A Paranormal Library – Ghosts of War
October 18, 2011 Leave a comment
I would like to preface my review by stating that I have purchased all the books I review for the public. I am in no way being paid for my reviews, but I am sharing my favorite paranormal books for your reading pleasure. The opinions expressed in these books do not always reflect my own personal opinion, but I do find these topics fascinating. Your purchases of these books do not monetarily benefit me, nor do I gain points with your readership or purchase. I am sure, however, that the authors do enjoy your patronage. Happy reading Dreamers!
This disclaimer is in reference of my use of the word “paranormal.” My use of the word “paranormal” refers to anything that is not normal, be it ghosts, conspiracy theories or aliens. If the topic is not part of conventional beliefs, then it is paranormal. So please do not bombard me with comments about how something is or is not paranormal.
Ghosts of War: Restless Spirits of Soldiers, Spies, and Saboteurs by Jeff Belanger
Jeff Belanger is a lecturer on the paranormal, with features all over the United States. He has also been a guest on numerous radio and TV shows, including Coast to Coast AM and The History Channel’s Haunted History. He has several lectures this month located in Chicago, Austin, and several cities in Massachusetts. He currently resides in Massachusetts.
I didn’t disappoint, here’s another book by the extraordinary Jeff Belanger! I really do enjoy his books, and there are more that I have purchased recently because of his writing style and his attention to research. As a History Major in college, this book really hits close to home with great information and really great storytelling. I sure hope you all are excited about this book as I am!
This book was highly entertaining and very informative on different wars and their ghosts. Jeff did AMAZING research regarding the information in this book, and set the wars chronologically, starting from 1180 CE. He even included wars I never even knew existed, such as the Gompei War in Japan and the Black Hills War in Montana. Which I found out, was the war that contained The Battle of Little Bighorn. I also was surprised that Jeff included more recent wars, such as the Bosnian War in the early 1990’s. Each war is separated into a specific time period, and the battles are set in chronological order. Like usual, the Civil War had more entries than World War II, and the book was a more US-centric than I was hoping for. I was half way expecting to see obscure wars that not very many people have heard of with scary ghost stories, but I do understand that in order to sell this book; you would have to include the American Revolutionary War and the Civil War.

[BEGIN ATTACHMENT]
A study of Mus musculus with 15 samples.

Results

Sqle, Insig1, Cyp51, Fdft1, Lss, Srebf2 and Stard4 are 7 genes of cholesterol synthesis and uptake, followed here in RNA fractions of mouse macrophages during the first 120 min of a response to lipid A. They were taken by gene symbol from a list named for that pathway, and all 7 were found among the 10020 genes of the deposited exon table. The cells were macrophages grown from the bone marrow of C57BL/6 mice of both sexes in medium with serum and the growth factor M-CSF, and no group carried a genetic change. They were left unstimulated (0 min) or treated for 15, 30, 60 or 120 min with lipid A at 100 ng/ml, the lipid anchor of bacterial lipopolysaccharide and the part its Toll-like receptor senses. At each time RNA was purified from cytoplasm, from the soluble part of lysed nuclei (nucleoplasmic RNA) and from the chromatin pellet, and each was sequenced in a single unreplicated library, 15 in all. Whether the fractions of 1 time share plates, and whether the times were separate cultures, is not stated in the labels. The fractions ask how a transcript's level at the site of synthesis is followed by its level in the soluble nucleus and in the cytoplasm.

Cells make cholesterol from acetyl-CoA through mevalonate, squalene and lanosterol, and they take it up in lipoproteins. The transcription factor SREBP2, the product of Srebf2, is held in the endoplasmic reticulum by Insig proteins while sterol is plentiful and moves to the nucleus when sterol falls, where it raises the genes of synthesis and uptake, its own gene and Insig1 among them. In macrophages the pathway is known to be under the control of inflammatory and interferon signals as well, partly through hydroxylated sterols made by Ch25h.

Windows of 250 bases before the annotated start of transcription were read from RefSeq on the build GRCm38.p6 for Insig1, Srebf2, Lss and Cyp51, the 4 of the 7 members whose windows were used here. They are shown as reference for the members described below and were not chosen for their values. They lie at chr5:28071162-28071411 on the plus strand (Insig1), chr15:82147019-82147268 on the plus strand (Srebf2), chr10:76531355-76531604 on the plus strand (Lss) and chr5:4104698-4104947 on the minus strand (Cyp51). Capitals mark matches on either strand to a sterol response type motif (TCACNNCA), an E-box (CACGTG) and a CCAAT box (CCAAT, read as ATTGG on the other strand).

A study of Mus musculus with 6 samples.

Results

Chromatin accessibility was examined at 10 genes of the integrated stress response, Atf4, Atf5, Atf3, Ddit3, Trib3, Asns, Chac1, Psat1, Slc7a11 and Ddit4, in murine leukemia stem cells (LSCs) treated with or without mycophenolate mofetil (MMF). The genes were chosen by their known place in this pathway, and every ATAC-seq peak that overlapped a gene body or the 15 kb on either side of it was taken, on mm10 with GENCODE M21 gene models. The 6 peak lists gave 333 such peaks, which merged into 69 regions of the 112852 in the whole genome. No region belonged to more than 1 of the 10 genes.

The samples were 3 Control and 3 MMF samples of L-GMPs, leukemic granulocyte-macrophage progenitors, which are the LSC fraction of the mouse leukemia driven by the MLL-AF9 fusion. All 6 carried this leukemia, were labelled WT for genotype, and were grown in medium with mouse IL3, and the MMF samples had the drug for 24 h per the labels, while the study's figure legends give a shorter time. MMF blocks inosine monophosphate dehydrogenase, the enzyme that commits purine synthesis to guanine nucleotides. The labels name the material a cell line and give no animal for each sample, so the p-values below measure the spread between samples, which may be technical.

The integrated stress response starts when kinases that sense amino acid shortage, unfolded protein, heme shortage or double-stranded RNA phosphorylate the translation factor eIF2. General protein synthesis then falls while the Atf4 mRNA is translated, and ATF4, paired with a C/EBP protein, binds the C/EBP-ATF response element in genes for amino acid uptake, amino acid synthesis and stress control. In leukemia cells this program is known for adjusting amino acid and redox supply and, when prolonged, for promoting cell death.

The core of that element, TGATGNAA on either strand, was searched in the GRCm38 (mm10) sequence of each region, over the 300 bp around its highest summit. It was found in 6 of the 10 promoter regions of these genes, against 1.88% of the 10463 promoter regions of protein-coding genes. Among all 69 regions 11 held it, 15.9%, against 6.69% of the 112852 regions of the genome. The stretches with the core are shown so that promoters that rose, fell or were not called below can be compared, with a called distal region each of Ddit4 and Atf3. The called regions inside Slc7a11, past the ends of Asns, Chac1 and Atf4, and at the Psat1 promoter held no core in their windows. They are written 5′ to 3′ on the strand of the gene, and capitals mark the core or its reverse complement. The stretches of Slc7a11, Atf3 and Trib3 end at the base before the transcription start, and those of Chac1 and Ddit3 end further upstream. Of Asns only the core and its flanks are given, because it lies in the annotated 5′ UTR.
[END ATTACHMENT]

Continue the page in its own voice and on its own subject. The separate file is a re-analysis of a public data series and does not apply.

As a History Teacher, I look for information that would be “entertaining” to the students in my class. Sometimes using ghost stories keeps their attention, although, I usually phrase the ghost story as “Some believe,” “Legend has it,” or “Supposedly,” while giving the history lesson. Surprisingly this system works, and I appreciate Jeff for giving such great ideas for a history lesson. My students really do enjoy the occasional ghost story added in to the usual lecture, and I really only use these stories in times of great boredom. You know, when all the eyes staring at me are blank, glossed over and you could tell their minds have left their head, the stories usually pick them right back up, and they find interest in history again. I use this sparingly, and I add more useless information, tidbits of funny factoids, more than the ghost stories, but Jeff Belanger really does help me keep interest with my students.
Again, this is a very well researched book, separating the information on the War/Battle into what day(s) fought, participants, and casualty count. Before Jeff ever gets to writing about ghosts, you hear about how different structures were built, how the war started (not too in-depth), and the outcome of the specific battle in which the ghost stories were said to have happened. Then he gets into the nitty-gritty of the ghost stories which are about 20% of the overall passage. But that is what a good storyteller and historian does, use the interest of ghosts to give an overall history lesson, which is why I really do love Jeff Belanger. He disguises learning into a great story.
For example, the story of Dan-no-Ura was told historically through lute-playing bards, like wandering minstrels in Medieval Europe. The location is said to be haunted by the ghost of the last emperor of the Taira clan, who happened to be a child, his family and the samurai who tried to protect the child-emperor. The war started as a result of revenge between the Taira clan and the Minamoto clan after the clan leader of the Taira clan had executed the leader of the Minamoto clan and sent the Minamoto sons home. Those sons began this Hatfield and McCoy feud that escalated to the death of Taira Antoku, the boy-emperor of the clan. The stranger part of this war is the fact that all those people who died in the Taira clan were all drowned in a naval battle at the site of Dan-no-Ura. Also at the site is a cemetery and Temple, Akama-jingu Temple, a site that is revered by the Japanese people. I won’t divulge much about what happens at Dan-no-Ura, but just the history itself was fascinating and far stranger than the ghosts. You can visit the temple in Japan as we speak, but I am not sure of the state of the temple after the Earthquake and Tsunami in March.
If you need a book for Spooky stories, this is not one of them, but they are highly educational and entertaining. I really do love Jeff Belanger, and I hope you Dreamers will soon appreciate his writing style as I do.